Authors: 
Sener, C. - Presenter, University of Wisconsin - Madison
Perez, M., University of Wisconsin-Madison
Umana, G., University of Wisconsin-Madison
Misra, S., University of Wisconsin-Madison
Zhang, Y., Great Lakes Bioenergy Research Center
Maravelias, C., Princeton University
Karlen, S., UW-Madison
Ralph, J., University of Wisconsin-Madison
Donohue, T. J., University of Wisconsin-Madison
Noguera, D. R., University of Wisconsin-Madison
We developed a lignin-to-bioproduct processing chain to produce 2- pyrone-4,6-dicarboxylic acid (PDC) through microbial funneling of the phenolic monomers obtained by catalytic depolymerization (hydrogenolysis) of isolated lignin. Chemical and biological upgrading were used in tandem to extract greater value from the lignin fraction by converting lignin-derived aromatics to PDC. We isolated lignin under mild reaction conditions using gamma-valerolactone (GVL) and water as the solvent system and dilute sulfuric acid as a catalyst. The technoeconomic analysis of the processing chain showed the cost of lignin isolation to have a large impact on the minimum-selling-price (MSP) of PDC.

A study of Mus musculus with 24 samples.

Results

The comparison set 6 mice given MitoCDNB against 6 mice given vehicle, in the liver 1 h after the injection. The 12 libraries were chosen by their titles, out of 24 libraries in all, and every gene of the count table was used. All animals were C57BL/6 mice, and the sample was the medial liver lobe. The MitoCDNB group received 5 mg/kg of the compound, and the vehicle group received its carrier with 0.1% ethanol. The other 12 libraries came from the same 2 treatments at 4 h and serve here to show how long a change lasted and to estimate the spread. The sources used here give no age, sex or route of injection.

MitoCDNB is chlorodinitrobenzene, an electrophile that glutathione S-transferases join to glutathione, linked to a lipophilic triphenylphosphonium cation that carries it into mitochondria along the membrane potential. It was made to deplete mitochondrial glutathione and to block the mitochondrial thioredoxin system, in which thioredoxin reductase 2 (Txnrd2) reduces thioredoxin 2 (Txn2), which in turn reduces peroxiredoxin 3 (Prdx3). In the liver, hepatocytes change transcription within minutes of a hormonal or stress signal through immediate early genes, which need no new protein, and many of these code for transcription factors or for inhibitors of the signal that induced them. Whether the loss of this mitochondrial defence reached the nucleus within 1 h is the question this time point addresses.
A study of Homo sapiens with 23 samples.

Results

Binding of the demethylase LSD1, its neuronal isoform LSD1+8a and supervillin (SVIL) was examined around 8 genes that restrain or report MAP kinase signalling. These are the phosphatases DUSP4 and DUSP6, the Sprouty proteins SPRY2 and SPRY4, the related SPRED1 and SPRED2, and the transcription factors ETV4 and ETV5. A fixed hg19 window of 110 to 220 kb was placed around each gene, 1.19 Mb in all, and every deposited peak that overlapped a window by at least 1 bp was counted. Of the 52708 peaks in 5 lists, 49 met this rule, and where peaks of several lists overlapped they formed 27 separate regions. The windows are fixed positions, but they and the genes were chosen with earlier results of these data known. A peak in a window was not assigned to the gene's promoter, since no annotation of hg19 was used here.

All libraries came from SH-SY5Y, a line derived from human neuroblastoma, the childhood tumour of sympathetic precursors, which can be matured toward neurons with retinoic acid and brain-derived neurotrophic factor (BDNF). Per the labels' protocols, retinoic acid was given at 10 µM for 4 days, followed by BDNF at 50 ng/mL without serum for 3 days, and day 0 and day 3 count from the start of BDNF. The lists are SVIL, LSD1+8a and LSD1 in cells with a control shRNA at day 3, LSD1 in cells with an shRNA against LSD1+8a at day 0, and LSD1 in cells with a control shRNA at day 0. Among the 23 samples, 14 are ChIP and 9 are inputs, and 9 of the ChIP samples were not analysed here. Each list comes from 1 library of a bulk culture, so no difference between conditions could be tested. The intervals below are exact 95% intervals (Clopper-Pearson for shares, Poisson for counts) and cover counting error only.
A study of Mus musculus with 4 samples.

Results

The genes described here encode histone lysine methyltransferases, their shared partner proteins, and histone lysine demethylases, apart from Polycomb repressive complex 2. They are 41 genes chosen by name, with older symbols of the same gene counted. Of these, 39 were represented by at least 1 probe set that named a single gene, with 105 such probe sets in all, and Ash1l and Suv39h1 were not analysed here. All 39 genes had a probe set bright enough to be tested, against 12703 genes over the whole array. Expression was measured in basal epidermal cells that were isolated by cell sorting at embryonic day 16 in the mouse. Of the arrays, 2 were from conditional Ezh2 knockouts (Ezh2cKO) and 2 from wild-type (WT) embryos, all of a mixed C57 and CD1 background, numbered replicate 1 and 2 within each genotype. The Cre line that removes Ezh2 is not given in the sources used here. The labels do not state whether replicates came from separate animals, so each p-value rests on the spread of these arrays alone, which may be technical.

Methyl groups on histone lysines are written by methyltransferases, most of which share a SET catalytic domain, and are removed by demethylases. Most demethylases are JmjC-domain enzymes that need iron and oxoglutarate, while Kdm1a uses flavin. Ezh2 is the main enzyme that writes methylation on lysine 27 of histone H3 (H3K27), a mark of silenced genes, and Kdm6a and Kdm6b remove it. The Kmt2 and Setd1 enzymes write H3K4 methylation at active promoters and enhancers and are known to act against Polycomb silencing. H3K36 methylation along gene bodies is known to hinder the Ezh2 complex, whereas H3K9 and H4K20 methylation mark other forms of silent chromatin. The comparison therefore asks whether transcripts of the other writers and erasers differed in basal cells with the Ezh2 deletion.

More recently, we modified the “lignin-to-bioproduct” processing chain by eliminating the costly biomass fractionation step. In the new scheme, a “biomass-to-bioproduct” processing chain, we combine biomass fractionation and catalytic lignin depolymerization into a single step, while simultaneously preserving the structure of the polysaccharide fraction. Using this strategy, we were able to increase the monomer/oligomer product yield on a per kg of biomass basis vs. the two-step process. We further show that, using an engineered strain of Novosphingobium aromaticivorans DSM12444, this complex mixture of aromatic compounds can be upgraded to PDC which can be extracted from the culture broth in a simple separation and purification step (e.g., precipitation using NaCl and acid). Furthermore, the sugar stream was subjected to enzymatic and microbial digestion to produce liquid fuels.

Combining these improvements over the previous process we demonstrate that an expensive part of our lignin-to-bioproduct (PDC) processing chain can be improved by using a lignin-first biomass-to-bioproduct processing chain.